The science of mental illness

New technology and research have enabled scientists to better understand the root causes of mental illness.


Katerina Papanikolopoulos, Annie O'Connell

Sean Ericson, Managing Copy Editor

We’ve heard a lot about mental illness, from health class to senior speeches. It’s a widespread problem, particularly for high schoolers: it affects one in five teenagers, and many more have family members or friends who live with with it. Half of all cases of mental illness develop by age 14 and three-quarters appear by age 24. But how, and why, does it occur?

There are many different factors that can lead to a brain disorder. Some, such as schizophrenia or bipolar disorder, are mostly caused by brain chemistry. Others, like clinical depression or anxiety, are often significantly related to a person’s environment. These environmental factors are generally external stressors like school or work. However, all mental illnesses are, to some extent, the result of a convergence of factors: genetic, chemical and environmental.

Science is closer now to understanding these complex dynamics than ever before, as technology improves.

Take heart disease, for instance.. A hundred years ago, doctors could only take into account patients’ self-reported symptoms and how they appeared to feel during check-ups.

Today, they can measure and examine a plethora of factors, such as detailed images of blood cells, precise cholesterol levels, and myriad measurements of the heart’s electrical activity. “The only difference here is that the organ of interest is the brain instead of the heart or pancreas,” says Dr. Thomas Insel, director of the National Institute of Mental Health, in an interview with the American Psychological Association. “But the same basic principles apply.” Psychiatrists are beginning to understand some of the physical causes of mental illness, too. “We’re finally able to answer some of the fundamental questions,” Insel says.

New technologies are frequently part of this shift. For instance, researchers have sequenced genes associated with schizophrenia, have detected abnormalities in brain structure associated with autism and the likelihood of developing PTSD after a traumatic event, and have mapped missing connections among the brain’s mood-related “circuits” that could lead to depression.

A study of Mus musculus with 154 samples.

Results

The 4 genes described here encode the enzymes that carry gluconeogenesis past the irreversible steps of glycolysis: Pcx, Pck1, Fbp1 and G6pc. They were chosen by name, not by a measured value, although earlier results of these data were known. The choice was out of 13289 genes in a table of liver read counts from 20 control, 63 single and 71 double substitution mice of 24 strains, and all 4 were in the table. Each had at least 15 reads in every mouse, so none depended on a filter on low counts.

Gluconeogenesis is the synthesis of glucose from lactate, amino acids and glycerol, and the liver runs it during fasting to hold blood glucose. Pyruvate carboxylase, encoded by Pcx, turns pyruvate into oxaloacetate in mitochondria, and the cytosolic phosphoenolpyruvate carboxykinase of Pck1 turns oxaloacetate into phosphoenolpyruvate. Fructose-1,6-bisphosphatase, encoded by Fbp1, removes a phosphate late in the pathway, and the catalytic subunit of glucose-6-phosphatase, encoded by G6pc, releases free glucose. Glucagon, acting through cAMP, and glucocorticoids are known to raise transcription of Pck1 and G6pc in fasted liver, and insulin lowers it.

However, it’s difficult, and potentially harmful, to treat every case of illness as monolithic. Psychiatrists generally try to consider each patient on a case-by-case basis.

Dr. Helen Mayberg of Emory University “used to think…that you could explain all the variants by the biology,” but now, she’s not so sure. “The caveat is, different cohorts of patients clearly have different patterns – and likely the need for different specific interventions.” In other words, a “one-size-fits-all approach” is not effective in treating mental illness.

Generally speaking, while there may be some biological causes, says Dr. Jerome Wakefield of New York University, “there’s no smoking-gun malfunction in your brain.”

A critical recent development in research that could help shed light on the connections between the biological and environmental causes of mental illness is epigenetics. Epigeneticists study the ways that “[c]ertain genes are turned on or turned off, expressed or not expressed, depending on environmental inputs,” says Dr. Richard McNally, a professor of clinical psychology at Harvard.

In the end, all of the causes play into one another, like many diseases of all types. Like many diseases of all types. “I think what’s happening is not a battle between biological and non-biological approaches,” McNally continues, “but an increasingly nuanced and sophisticated appreciation for the multiple perspectives that can illuminate the etiology [causes] of these conditions.”
Sources: American Psychological Association, National Alliance on Mental Illness, and the National Institute of Mental Health.